Cutting edge contrast agent
Magnetic Resonance Imaging (MRI) has been with us since the 1970s. It is a non-invasive imaging process employing non-ionizing radiation to allow physicians to get diagnostic images of the body’s interior. The technology was pioneered by two SUNY researchers: Raymond Damadian (SUNY Downstate) and Paul Lauterbur (Stony Brook University).
MRI scans are so common now that nearly 40 million MRI scans are conducted each year in the US. In 16 million of these procedures, there is the need for a contrast agent that offers a sharper view of soft tissue. To date, nearly every FDA-approved contrast agent has contained gadolinium (Gd), a rare earth element that produces the enhanced image.
Until recently, Gd agents were considered safe, but there have been reports of acute reactions to certain compositions and applications of this element and lingering deposits in the brain tissue, bone and skin of patients who receive multiple doses. Studies are in their early stages and the debate is ongoing, but there is a growing interest in an alternative.
Janet Morrow, Distinguished Professor of Chemistry at the University at Buffalo (UB), has developed an alternative: replacing Gd contrast agents with iron (Fe)-based contrast agents that deliver comparable or even clearer images without the same toxicity risk. Fe agents, administered correctly, are stable and clear the body rapidly through the kidneys. As she explains, “Iron is natural: It’s already in the blood.”
The SUNY Technology Accelerator Fund (TAF) recently awarded Dr. Morrow an investment for her iron-based contrast agent technology. TAF exists to help SUNY faculty inventors and scientists through the process of transforming their research into market-ready technologies. In Morrow’s case, the TAF investment will help fund her lab, and enable her to hire graduate assistants and to purchase supplies and MRI time.
If Morrow’s Gd replacement concept becomes accepted, there will be immediate benefits for patients whose imaging options are severely limited, such as subjects with Chronic Kidney Disease (CKD) and the nearly half a million multiple sclerosis patients in the U.S. Also, concerns about Gd exposure have caused many doctors and radiologists to use contrast agents even more cautiously than the American College of Radiology guidelines.
Morrow cautions that there is a lot of investigation, experimentation and paperwork to be completed. The complexes must be modified. The most effective administrative methods must be developed. Ferric Contrast, a start-up company with a focus on iron-based contrast agents, licensed patent applications covering the first-generation Fe-based contrast agents and is working toward filing an Investigational New Drug application, and animal trials are underway. UB assisted the company in securing a National Science Foundation (NSF) Small Business Technology Transfer (STTR) award. This TAF award is directed to developing second generation compounds.
“For commercialization the best bet is to develop something everybody can use: the substitute for gadolinium,” she says. “So you’re looking for certain kinds of properties that can do that because you want to capture as much of the market as you can.”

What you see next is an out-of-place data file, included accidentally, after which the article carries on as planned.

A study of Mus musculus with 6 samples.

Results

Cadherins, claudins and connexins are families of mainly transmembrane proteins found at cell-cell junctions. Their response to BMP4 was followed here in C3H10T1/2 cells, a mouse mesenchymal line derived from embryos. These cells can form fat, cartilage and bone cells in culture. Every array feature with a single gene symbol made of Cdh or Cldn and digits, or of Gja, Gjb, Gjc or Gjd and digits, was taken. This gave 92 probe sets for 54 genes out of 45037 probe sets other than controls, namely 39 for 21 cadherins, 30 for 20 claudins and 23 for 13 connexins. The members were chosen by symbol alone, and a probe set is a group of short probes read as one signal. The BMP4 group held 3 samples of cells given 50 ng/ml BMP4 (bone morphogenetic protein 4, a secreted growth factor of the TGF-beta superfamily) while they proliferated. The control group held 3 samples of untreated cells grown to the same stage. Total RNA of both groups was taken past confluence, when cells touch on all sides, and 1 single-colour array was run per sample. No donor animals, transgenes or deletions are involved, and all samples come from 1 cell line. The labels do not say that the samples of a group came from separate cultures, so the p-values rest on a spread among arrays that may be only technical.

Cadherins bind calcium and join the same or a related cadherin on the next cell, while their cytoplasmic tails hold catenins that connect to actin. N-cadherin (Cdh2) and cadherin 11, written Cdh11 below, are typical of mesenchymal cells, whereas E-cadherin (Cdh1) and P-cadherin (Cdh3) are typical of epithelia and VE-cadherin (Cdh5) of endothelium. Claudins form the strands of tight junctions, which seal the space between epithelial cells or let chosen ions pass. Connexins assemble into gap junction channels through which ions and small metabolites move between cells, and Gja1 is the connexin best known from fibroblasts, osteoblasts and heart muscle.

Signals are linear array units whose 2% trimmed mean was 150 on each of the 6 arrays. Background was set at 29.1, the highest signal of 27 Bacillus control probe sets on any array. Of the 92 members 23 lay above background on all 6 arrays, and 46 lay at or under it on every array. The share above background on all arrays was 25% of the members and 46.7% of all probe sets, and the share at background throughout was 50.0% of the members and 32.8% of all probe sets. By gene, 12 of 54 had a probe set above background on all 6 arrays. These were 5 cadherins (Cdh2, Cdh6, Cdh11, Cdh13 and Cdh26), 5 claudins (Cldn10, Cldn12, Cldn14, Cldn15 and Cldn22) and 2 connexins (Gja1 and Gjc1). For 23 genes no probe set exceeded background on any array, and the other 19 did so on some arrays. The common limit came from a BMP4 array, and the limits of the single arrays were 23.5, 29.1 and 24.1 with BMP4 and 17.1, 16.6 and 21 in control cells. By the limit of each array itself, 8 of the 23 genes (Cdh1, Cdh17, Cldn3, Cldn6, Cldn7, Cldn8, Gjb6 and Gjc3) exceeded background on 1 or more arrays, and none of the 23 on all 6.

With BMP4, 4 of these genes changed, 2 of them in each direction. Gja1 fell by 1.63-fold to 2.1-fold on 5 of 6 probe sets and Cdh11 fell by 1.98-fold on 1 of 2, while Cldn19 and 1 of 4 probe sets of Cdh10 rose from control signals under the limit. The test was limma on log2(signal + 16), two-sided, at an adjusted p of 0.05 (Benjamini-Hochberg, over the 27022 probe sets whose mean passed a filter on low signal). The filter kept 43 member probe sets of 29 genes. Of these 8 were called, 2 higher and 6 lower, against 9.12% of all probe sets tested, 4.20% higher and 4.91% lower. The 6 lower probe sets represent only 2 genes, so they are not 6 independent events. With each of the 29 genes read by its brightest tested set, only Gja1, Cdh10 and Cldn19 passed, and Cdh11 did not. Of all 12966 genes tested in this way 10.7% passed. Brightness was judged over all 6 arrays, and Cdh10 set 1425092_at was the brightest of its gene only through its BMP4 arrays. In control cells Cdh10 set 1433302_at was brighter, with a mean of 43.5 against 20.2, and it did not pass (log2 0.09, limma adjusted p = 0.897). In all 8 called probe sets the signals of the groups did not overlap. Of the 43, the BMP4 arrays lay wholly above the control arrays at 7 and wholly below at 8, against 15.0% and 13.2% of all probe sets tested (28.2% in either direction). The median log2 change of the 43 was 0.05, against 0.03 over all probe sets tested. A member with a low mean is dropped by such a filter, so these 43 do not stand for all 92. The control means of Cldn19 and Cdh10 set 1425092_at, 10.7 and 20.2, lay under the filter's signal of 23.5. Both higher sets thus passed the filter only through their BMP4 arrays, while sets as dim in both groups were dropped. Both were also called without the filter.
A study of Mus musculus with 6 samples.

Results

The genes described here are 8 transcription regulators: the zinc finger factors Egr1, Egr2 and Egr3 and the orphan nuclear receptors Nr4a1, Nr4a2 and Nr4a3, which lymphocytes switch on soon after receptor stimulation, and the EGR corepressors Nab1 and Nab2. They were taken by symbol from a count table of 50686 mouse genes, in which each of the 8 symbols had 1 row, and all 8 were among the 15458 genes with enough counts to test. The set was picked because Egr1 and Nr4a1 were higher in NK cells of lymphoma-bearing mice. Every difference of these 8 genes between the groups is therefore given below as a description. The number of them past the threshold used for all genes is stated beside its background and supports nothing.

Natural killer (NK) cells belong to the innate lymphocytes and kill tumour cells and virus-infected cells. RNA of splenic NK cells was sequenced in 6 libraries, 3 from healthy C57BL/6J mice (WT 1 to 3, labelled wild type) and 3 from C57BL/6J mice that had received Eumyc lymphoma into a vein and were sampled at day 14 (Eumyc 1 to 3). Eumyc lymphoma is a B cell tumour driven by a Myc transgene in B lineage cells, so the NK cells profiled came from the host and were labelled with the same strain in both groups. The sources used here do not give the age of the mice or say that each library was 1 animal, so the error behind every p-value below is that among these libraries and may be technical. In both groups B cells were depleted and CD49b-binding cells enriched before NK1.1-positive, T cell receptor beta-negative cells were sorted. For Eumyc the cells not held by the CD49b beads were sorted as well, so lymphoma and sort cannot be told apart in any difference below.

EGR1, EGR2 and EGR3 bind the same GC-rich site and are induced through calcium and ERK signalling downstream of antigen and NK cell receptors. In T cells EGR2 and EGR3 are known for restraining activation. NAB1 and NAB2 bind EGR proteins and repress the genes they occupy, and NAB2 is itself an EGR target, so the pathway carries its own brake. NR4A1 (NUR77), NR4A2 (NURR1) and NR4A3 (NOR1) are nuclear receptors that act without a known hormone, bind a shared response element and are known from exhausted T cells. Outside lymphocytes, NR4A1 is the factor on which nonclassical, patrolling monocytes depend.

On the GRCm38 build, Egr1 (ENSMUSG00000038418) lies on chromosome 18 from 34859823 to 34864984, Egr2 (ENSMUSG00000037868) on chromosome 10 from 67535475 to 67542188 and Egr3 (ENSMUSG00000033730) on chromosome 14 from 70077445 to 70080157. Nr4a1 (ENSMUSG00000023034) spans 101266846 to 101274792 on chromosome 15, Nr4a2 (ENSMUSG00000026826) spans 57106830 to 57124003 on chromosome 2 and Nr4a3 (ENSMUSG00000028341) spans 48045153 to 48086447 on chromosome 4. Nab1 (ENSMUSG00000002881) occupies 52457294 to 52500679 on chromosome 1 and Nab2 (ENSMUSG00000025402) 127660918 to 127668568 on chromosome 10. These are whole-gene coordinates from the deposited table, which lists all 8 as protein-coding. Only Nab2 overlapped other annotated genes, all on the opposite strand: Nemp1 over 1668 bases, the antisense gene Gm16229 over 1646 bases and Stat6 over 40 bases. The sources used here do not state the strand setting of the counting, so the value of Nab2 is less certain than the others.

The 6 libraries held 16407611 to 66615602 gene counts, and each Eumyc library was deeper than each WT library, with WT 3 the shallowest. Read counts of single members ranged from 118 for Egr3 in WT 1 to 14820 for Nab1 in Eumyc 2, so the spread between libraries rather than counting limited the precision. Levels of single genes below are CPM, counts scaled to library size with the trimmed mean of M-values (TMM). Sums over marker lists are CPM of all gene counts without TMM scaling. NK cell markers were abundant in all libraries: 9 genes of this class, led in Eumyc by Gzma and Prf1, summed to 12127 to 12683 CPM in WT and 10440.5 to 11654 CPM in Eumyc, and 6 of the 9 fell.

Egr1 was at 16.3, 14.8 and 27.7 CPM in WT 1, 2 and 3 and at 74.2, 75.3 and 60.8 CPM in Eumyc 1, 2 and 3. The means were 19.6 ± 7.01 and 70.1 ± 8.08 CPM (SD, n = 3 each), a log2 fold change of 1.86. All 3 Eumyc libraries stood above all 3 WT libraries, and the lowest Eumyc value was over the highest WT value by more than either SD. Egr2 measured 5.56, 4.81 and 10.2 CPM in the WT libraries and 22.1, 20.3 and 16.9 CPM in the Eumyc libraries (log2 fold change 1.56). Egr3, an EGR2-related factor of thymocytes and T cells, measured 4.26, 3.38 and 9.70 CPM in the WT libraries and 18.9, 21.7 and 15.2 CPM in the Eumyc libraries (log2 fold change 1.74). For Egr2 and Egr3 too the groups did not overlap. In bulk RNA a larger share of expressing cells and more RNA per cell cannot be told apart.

UB’s Technology Transfer team helped guide Morrow’s idea through the patent application process. Morrow sees multiple patent possibilities around these iron-based agents.
“We’ve got three PCT applications and one provisional patent filed,” says Morrow. “But this is so new that it’s going to be really challenging to cover all the patent possibilities.”
Another way the iron-based agent is a solid alternative is that gadolinium--a rare earth element--is primarily mined in and obtained from China. The current trade war could send ripples through the market, or even cause a shortage. Iron is abundant, widely distributed and affordable.
Dr. Morrow is well-traveled. She completed her B.S. in chemistry at the University of California, Santa Barbara, her Ph.D. in chemistry at the University of North Carolina, Chapel Hill, and then received a National Science Foundation Award to work as a postdoctoral fellow at the University of Bordeaux. She then returned to the states, to work as a postdoctoral fellow at the University of California, San Diego. Shortly after, she joined the faculty at UB as a professor.
Morrow’s research has received awards such as the Special Award for Creativity from the National Science Foundation. Her teaching interests include bioinorganic and inorganic chemistry, biochemistry and general chemistry. She was also the director of the Research Experiences for Undergraduates (REU) in the UB chemistry department for nine years.
Some of her original motivation to go into science was sparked by her father who encouraged her to study science or engineering. He noted her early interest in marine biology and recommended that she pursue a STEM field in her studies at the University of California, Santa Barbara.
Morrow's leadership abilities, her analytical powers and her ability to solve problems in creative ways are prime examples of what makes the SUNY system the ideal community for innovation. Her iron-based contrast agent technology is a solid step forward in the development of magnetic resonance imaging. In the final analysis, the true aim of advanced research should be to address social problems, to answer the needs of humanity.